Frankenstein by Edgar Winter
It's a long song but it's brilliant how it manages to be both driving and playful at the same time. You can definitely pretend you're creating a masterpiece from "scratch." Nuts and bolts, or, in this case, bits and pieces of remnant veggies and herbs, cast off as excess from other recipes now have a home and new life here. Get your funky on and have fun trying this for dinner!
Farmer's markets hold the special appeal of never knowing exactly what you're going to find. It may be the same vendors week to week, but I'm always wondering what they've brought from their gardens this particular day. I wait to make up my weekly menu so I can best utilize my discoveries. And this week I hit the jackpot! Not only did I find tonight's dinner, but my next post as well!
I'm talking about that big guy in the back. Yep. The monster zucchini.
As soon as my eyes set upon these gargantuan zucchinis I smiled. A BIG smile. I was a young teen again, back on Keenan Street, tending to our family's vegetable garden. My parents always planned a big garden and then my brothers and sisters and I spent most of our summer vacation maintaining it. I'm pretty sure their thought process was the precursor to today's notion that, if you keep your children insanely busy in worthwhile activities such as sports, dance, music, etc, they won't have enough time to get into trouble. With nine children, that's a lot of time to fill. Thus, the size of the garden grew to accommodate my parents' "needs." Side note - it didn't work. We still found trouble just fine. But that's another blog.
With children of various ages manning the crops, it was inevitable that a stray zucchini would get lost here and there in the foliage. That is until they became these dark, lurking, behemoths.
Now, the first thing people do when they see these giants is run and get out their graters, roll up their sleeves, and set about making a mountain of shredded squash flesh destined for breads, brownies, cookies, marinara, etc. It's one of the most popular veggies to disguise - probably because it's one of the most proliferate veggies grown and one of the least favorite to eat! I suggest having a neighborhood survey each spring to see just which items each gardener is planting and devise some sort of policing of the zucchini. This would solve that oddity come fall of people leaving little mounds of zucchini on neighbors' doorsteps - only to return home to find their own threshold burgeoning with somebody else's abundance.
But, relax. Put away the shredder. I have another idea. It's what my mother had me do for dinner when we found our errant zukes. We stuffed them!
I'd chop off both ends, cut them in half lengthwise, take a large spoon, and scrape out the seeds. Mom would put out which veggies were to be cut up and added to the ground meat. Beyond this I can't remember exactly what else was added - only that when it was assembled I poured spaghetti sauce over it and sprinkled bread crumbs and shaky cheese (Parmesan) on top before baking it. But having learned a bit about stuffing things since then, I can surmise that we added some bread crumbs and eggs to the mix to help it all stick together.
Today I decided to be a little fancy. I pulled out this gadget that came with my knife kit in culinary school but had yet to use.
I pulled it down the outside of the squash and it easily slid along, creating an appealing striped design.
When they are halved and scooped you've created troughs like these.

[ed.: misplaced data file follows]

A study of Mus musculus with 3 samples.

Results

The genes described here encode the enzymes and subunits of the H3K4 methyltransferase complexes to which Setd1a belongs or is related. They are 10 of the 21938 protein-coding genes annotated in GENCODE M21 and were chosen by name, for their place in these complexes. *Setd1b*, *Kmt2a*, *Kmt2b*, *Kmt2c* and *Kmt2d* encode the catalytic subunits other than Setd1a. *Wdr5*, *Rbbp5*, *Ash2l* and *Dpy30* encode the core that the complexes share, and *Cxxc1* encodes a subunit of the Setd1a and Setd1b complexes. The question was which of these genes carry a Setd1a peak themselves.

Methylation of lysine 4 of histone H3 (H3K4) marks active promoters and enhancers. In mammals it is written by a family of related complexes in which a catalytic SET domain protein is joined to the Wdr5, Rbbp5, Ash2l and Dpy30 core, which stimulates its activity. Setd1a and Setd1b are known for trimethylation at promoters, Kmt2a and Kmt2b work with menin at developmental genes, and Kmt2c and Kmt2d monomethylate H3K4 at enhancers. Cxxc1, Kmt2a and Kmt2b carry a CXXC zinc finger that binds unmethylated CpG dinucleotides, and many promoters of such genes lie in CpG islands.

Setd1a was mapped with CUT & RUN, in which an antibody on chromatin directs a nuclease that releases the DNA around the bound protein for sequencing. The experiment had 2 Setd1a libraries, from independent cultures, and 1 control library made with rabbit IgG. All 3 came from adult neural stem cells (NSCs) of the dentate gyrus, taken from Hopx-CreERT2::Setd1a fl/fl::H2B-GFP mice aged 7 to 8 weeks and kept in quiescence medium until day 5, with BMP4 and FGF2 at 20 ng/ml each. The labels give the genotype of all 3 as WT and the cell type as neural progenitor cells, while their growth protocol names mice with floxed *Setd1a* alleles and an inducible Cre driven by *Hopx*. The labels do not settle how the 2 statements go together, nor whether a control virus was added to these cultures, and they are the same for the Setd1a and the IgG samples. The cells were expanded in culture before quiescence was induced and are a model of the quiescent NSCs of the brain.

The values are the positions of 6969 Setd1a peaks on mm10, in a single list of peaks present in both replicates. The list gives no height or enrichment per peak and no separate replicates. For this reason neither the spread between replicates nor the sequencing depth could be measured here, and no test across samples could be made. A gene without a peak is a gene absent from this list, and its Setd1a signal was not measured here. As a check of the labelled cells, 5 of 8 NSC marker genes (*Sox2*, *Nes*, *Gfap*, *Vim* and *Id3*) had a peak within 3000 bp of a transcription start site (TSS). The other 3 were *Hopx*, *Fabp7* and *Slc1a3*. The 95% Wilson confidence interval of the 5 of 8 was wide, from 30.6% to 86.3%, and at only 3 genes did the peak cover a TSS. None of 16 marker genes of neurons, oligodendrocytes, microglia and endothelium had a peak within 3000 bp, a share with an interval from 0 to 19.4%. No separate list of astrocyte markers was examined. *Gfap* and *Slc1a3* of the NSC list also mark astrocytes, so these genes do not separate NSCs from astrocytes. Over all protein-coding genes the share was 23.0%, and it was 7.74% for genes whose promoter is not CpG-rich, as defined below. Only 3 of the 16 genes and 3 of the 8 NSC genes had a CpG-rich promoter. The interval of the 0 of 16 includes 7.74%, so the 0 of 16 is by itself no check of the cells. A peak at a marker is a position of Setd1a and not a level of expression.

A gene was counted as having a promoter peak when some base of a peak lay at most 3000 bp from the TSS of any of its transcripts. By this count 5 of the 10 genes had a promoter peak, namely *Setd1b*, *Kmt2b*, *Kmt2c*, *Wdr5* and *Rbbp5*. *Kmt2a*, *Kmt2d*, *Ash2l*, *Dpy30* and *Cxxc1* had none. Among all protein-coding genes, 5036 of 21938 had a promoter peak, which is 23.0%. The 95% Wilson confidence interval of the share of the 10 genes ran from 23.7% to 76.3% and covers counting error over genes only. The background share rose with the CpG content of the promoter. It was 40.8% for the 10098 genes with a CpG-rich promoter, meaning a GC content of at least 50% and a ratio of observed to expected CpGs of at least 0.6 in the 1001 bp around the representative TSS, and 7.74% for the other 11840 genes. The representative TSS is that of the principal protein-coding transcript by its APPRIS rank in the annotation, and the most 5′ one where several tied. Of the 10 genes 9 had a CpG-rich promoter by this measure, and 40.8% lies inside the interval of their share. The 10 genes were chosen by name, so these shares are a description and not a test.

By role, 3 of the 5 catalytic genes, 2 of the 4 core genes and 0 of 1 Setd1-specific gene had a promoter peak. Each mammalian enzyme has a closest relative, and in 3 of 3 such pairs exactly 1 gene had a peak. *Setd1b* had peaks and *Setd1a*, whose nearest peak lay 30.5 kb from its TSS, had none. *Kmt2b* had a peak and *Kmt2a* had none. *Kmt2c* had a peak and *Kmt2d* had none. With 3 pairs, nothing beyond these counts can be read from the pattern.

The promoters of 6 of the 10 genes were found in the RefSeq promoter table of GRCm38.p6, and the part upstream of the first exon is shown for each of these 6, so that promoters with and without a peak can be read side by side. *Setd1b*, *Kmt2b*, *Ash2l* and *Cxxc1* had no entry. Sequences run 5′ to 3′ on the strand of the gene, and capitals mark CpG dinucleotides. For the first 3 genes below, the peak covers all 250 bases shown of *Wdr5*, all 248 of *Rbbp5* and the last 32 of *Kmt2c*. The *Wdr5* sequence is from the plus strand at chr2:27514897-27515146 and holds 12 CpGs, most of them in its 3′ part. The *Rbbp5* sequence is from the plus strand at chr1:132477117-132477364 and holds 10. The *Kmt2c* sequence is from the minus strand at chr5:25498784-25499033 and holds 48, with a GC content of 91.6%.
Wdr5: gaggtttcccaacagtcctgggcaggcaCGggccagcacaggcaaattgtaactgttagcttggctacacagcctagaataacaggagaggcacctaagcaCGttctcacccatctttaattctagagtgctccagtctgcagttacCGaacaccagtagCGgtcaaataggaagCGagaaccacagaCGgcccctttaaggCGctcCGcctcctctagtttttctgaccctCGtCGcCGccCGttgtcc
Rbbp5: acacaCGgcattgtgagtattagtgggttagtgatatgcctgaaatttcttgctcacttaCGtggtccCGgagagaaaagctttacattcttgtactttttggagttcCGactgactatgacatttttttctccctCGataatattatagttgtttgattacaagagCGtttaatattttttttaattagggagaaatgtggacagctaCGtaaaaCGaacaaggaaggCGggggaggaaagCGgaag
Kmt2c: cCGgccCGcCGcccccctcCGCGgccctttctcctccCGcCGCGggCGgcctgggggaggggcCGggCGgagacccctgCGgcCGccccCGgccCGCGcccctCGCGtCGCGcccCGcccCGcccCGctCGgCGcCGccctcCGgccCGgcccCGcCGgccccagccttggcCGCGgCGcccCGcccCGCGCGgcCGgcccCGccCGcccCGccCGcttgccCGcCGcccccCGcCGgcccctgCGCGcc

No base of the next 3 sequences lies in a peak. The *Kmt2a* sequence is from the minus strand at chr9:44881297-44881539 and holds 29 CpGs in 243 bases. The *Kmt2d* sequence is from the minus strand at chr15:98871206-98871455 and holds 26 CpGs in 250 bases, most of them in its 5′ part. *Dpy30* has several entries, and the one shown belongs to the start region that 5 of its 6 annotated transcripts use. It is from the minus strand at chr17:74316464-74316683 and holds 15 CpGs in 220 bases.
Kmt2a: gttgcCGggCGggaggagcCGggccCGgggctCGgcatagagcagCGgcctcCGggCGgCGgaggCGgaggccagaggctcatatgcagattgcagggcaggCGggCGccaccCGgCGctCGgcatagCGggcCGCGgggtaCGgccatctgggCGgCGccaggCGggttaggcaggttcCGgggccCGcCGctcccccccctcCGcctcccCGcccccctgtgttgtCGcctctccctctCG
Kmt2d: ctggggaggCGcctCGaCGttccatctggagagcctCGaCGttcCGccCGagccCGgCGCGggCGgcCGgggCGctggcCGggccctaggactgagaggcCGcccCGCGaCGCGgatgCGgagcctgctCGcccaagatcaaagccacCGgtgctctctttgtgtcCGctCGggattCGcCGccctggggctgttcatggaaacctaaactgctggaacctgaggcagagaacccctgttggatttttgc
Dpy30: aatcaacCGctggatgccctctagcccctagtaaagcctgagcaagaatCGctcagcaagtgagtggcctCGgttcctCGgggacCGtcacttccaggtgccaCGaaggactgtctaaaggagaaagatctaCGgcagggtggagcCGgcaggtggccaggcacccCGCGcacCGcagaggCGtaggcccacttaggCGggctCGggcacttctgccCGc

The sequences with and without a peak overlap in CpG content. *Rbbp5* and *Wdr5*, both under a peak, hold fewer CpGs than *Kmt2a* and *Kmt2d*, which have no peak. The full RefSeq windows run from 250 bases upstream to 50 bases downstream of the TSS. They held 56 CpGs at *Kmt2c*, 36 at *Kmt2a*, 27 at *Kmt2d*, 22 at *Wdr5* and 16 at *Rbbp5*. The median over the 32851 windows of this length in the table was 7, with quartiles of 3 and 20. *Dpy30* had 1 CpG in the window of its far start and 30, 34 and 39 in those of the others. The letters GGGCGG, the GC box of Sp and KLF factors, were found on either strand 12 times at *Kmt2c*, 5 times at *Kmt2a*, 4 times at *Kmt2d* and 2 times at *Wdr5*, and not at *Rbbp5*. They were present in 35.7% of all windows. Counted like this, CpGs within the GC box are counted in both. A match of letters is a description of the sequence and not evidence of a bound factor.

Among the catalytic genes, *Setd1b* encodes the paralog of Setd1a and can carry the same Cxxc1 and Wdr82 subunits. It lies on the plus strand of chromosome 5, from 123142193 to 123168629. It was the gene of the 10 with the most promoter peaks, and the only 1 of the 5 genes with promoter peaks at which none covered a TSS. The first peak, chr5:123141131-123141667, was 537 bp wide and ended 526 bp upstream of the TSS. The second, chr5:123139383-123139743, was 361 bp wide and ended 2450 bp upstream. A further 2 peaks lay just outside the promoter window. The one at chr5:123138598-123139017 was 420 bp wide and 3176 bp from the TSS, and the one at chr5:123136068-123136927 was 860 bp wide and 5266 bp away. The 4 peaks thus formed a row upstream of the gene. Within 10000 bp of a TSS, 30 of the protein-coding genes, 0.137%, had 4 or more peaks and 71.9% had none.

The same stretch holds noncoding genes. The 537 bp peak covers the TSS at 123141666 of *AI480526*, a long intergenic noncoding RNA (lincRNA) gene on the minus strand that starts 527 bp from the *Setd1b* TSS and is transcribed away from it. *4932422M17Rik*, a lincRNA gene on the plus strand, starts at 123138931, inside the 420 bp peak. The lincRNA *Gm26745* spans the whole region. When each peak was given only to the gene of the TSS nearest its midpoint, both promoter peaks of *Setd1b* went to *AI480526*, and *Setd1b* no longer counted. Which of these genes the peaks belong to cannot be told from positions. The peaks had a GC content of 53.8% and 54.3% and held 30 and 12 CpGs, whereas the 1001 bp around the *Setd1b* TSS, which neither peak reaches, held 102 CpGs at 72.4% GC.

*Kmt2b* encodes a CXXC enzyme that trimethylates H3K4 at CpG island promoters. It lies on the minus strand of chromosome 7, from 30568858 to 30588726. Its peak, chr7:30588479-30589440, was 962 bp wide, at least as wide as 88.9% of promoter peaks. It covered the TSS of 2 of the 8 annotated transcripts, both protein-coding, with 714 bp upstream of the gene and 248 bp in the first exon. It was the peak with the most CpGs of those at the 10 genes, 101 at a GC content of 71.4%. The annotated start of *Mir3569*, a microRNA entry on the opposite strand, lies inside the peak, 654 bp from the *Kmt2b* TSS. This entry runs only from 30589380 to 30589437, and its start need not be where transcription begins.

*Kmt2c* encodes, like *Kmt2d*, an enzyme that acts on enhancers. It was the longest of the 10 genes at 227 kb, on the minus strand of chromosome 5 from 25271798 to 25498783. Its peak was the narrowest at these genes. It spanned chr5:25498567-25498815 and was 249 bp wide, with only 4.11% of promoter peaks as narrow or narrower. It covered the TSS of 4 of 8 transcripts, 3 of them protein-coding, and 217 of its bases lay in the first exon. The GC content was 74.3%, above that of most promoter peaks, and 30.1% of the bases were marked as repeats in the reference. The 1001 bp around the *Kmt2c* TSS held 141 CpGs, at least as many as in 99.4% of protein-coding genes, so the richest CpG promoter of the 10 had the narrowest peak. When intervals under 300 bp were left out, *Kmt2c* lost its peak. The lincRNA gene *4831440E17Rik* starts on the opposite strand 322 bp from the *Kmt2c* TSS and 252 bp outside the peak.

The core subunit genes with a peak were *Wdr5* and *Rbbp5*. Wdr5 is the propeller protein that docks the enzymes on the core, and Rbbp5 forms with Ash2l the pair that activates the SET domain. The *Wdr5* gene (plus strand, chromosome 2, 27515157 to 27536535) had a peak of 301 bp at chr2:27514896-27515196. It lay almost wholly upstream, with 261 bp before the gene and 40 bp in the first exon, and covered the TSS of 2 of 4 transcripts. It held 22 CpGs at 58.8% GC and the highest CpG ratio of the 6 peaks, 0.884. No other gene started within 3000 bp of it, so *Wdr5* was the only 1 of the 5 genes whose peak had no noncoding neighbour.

A look through my veggie bin helped me decide what could be added to the stuffing and I started chopping and dicing. A trip to my herb garden yielded some thyme and oregano. In addition to the standard salt and pepper, I chose some garlic powder and cumin.
I couldn't remember if I cooked the meat before filling the squash cavity or made it like a meatloaf, using the squash as the "pan." Since I had two halves I decided on a trial - one stuffed with a pre-cooked meat mixture and the other with the raw meat in the meatloaf fashion. The pre-cooked version won hands down. When you bake it raw, the meat releases a sort of scum. Let's just say it wasn't attractive and leave it at that.
After about an hour, that which went in to the oven as ugliness and horror, came out delicious and rather attractive.
Printable Recipe Card
1 large, over-sized zucchini
1 lb. ground meat (beef, pork, sausage, turkey, or a mixture)
1 t. olive oil
1/2 yellow onion, chopped
1 small carrot, shredded
1 bell pepper, seeded and chopped
1 T. kosher salt
1/2 t. black pepper
1/2 t. ground cumin
1/2 t. garlic powder
1 T. fresh oregano
1 T. fresh thyme
1 c. bread crumbs
1/2 c. grated parmesan cheese
2 cups marinara, divided
3/4 c. panko
1/4 c. grated parmesan
2 T. butter, melted
Preheat oven to 350.
1. Halve the zucchini lengthwise and scoop out seeds and pulp, leaving about a 1/2" outer rim. Sprinkle with salt and pepper and set aside.
2. Heat a skillet over medium high heat and add the olive oil. When the olive oil is warm, add the onion and sauté for 2 minutes. Add the peppers and carrots and sauté another 5 minutes until the onions are translucent. Add the herbs and stir, cooking another minute or so.
3. Add the ground meat and stir and break it up, cooking until it is no longer pink. Add the salt, pepper, cumin, and garlic powder. Remove from the heat and stir in the bread crumbs. Let cool.
4. Add the eggs and 1/2 c. grated parmesan cheese. Stir in 1 cup of the marinara.
5. Spray a baking dish large enough to hold the zucchini and arrange the halves in the pan, trough side up.
6. Divide the mixture between the two halves. Pour the remaining marinara over the halves.
7. Combine the panko, the 1/4 c. grated parmesan, and the melted butter - then sprinkle over each squash half.
8. Cover with foil and bake for 45 minutes. Remove the foil and bake for another 15 minutes, making sure the top gets nice and golden.
9. Grate some more parmesan over the top after it's plated.